Thinking of getting into documentary filmmaking but not sure where to start? Seasoned documentary filmmaker and Henry’s camera expert, Gajan Balan, shares his three most valuable tips and best practices to help aspiring filmmakers create compelling documentaries. These tips will help you embark on your documentary filmmaking journey with confidence and achieve outstanding results.

1. Visualize the Process

Before diving into the technical aspects of documentary filmmaking, it’s crucial to have a clear understanding of the story you want to tell. The more time you invest in defining and visualizing your story, the smoother your documentary filmmaking journey will be. 

Here are a few things to consider once you’ve figured out what you’re going to capture and the story you want to tell:

  • Spend ample time considering your journey and visualizing how the project will unfold.
  • Decide whether your filming locations will be indoors, outdoors or a combination of both. 
  • Look at other projects and behind-the-scenes footage online to get an idea of what your day-to-day filming might look like. 
  • Determine if you will shoot alone or have a team around you.
  • Reach out to cinematographers you admire for recommendations and advice.

2. Select the Right Gear

Investing in the appropriate gear is essential to capturing high-quality footage and audio for your documentary.

Audio: Start by considering what you hope to achieve in terms of audio. When you’re shooting in the field, you want to ensure you’re equipped to capture clear dialogue. Determine the microphone that will best suit your needs and how it will interface into the camera you’re going to use.

The Rode NTG-5 offers exceptional sound isolation. It’s able to isolate in-field audio and focus on the subject in front of the camera. It’s a premium solution, but with a microphone like this one you invest in it once and use it for a really long time. 

Camera: Selecting the right camera for documentary filmmaking is crucial. There are a lot of options on the market, but the Canon C70 is a top choice with its mini XLR inputs for your microphone, a true cinematic sensor, built-in ND filters, a traditional design and robust filmmaking features like waveforce, false colour and proxy recording. More importantly, the image quality and dynamic range of this camera’s sensor really cater to documentary filmmaking projects.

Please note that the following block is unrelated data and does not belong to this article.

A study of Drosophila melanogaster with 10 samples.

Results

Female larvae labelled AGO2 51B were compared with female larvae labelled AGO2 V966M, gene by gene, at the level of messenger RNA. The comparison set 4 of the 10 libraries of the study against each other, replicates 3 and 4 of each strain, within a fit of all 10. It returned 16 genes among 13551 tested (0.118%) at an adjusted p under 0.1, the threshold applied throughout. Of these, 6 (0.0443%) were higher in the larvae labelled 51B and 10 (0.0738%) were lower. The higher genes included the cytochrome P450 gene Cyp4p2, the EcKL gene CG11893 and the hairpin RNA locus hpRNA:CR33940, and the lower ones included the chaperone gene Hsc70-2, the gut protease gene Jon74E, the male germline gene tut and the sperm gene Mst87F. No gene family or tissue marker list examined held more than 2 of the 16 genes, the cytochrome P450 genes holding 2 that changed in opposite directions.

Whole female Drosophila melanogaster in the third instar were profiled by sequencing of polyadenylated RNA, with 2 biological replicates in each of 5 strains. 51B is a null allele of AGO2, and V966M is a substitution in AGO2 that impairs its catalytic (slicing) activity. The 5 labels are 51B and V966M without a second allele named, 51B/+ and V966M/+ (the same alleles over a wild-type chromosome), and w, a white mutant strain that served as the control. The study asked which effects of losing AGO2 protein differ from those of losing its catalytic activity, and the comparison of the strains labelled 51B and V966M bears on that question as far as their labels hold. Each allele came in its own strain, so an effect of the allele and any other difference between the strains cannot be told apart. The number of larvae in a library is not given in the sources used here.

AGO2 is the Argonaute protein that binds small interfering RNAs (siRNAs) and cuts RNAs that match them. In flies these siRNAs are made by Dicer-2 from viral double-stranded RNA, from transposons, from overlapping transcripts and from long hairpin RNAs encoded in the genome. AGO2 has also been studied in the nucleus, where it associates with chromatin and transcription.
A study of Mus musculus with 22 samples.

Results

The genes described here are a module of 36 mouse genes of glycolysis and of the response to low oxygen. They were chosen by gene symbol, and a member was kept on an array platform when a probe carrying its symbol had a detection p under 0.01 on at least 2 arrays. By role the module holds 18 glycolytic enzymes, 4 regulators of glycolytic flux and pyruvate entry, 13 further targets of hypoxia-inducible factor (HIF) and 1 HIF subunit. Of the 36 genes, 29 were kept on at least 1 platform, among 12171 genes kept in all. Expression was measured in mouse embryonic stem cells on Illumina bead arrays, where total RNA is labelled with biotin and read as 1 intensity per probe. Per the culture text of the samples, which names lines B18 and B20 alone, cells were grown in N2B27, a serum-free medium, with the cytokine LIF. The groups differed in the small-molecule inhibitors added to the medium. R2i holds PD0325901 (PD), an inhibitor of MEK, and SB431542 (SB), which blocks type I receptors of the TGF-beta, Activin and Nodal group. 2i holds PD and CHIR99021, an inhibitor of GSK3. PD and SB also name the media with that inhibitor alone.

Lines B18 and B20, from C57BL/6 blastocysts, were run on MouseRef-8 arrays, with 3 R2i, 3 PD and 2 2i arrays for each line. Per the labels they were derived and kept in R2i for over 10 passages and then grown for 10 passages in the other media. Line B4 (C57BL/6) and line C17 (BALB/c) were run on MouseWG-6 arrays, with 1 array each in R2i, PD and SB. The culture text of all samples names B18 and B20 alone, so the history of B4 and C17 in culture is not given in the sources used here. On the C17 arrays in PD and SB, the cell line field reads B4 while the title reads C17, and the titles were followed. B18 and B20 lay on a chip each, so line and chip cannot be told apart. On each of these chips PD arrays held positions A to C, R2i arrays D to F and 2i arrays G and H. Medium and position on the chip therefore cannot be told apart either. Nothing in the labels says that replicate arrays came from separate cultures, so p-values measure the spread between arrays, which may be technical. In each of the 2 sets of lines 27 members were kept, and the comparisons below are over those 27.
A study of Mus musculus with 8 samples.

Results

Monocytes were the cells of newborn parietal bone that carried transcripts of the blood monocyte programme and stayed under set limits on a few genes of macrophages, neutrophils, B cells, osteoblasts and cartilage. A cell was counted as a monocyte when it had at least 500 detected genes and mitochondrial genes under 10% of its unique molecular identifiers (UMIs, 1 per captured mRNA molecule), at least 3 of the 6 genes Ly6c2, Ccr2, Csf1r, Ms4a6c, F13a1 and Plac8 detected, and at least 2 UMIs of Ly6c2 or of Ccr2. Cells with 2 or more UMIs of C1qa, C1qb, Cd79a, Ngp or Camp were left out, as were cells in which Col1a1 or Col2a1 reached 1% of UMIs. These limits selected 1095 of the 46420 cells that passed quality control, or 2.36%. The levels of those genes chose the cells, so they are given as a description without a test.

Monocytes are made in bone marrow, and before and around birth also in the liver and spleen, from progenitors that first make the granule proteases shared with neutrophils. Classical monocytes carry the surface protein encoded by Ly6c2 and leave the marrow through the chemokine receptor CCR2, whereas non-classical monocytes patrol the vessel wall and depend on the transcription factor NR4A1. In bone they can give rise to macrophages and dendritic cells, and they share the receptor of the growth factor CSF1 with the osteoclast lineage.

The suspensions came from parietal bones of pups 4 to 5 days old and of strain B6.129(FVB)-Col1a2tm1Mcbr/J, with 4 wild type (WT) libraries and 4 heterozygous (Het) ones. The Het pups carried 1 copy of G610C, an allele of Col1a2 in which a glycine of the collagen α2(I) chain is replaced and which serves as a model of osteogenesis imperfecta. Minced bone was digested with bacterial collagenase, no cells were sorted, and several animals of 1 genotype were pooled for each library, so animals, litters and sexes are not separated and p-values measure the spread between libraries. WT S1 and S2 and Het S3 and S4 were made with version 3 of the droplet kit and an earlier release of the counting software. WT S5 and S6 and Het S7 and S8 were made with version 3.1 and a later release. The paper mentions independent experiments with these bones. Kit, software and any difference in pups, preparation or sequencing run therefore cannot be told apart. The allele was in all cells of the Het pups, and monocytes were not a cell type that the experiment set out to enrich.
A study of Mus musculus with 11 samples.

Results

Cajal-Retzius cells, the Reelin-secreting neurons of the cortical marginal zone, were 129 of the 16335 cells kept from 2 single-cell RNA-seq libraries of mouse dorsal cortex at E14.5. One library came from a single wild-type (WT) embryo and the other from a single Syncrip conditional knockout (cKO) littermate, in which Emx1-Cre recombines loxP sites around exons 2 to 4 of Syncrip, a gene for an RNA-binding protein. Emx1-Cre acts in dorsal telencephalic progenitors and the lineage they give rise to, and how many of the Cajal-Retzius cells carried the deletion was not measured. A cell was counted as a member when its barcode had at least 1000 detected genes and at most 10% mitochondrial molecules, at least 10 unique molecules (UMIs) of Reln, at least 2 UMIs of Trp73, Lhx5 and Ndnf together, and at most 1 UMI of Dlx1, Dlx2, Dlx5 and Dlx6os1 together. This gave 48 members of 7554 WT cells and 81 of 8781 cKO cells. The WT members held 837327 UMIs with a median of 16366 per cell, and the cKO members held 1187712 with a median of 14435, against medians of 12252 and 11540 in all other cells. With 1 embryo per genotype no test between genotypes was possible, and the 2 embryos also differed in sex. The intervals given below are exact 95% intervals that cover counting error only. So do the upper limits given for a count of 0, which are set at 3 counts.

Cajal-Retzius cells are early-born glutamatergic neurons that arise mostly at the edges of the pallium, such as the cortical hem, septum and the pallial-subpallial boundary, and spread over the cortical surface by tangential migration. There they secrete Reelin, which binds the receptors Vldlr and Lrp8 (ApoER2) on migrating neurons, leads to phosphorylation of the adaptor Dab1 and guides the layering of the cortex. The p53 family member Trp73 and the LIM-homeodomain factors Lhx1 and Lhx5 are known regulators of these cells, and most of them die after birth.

Canon Camera
Lens: A reliable lens that will be invaluable for your documentary work. The Canon RF 15-35mm f/2.8 lens offers a wide perspective and is suitable for various shots. With its super 35 sensor, the lens offers an equivalent full-frame perspective of approximately 20 to 50 millimeters. This range perfectly covers preferred focal lengths for cinematographers —28, 35, and 50 millimeters. It also gives you the ability to go as wide as close to 20 millimeters to capture expansive scenes that expand the perspective for the viewer.
Canon Lens

3. Keep the Camera Rolling

Keep the camera rolling and capture as much footage as possible. Don’t worry about hard drive space; the priority is to gather extensive coverage and put your timeline together. Think about capturing shots for the editor back at the desk and providing enough options to create an interesting edit. 

When you set out to capture your story, overinvest in how much footage you capture, your future self or your editor will thank you later. For perspective, in a recent documentary film project, Balan had about two to five minutes of actual project footage for each hour captured. With that conservative approach, he had to capture three to five hours of footage each day, outside of any talking head and drone shots. 

When setting out on your documentary project, start by knowing your story, then consider the three tips Balan shared based on his documentary filmmaking experience – visualize your process, choose the right gear and overinvest in footage – and don’t be afraid to talk to an expert at your local Henry’s store or go to and speak to an expert online.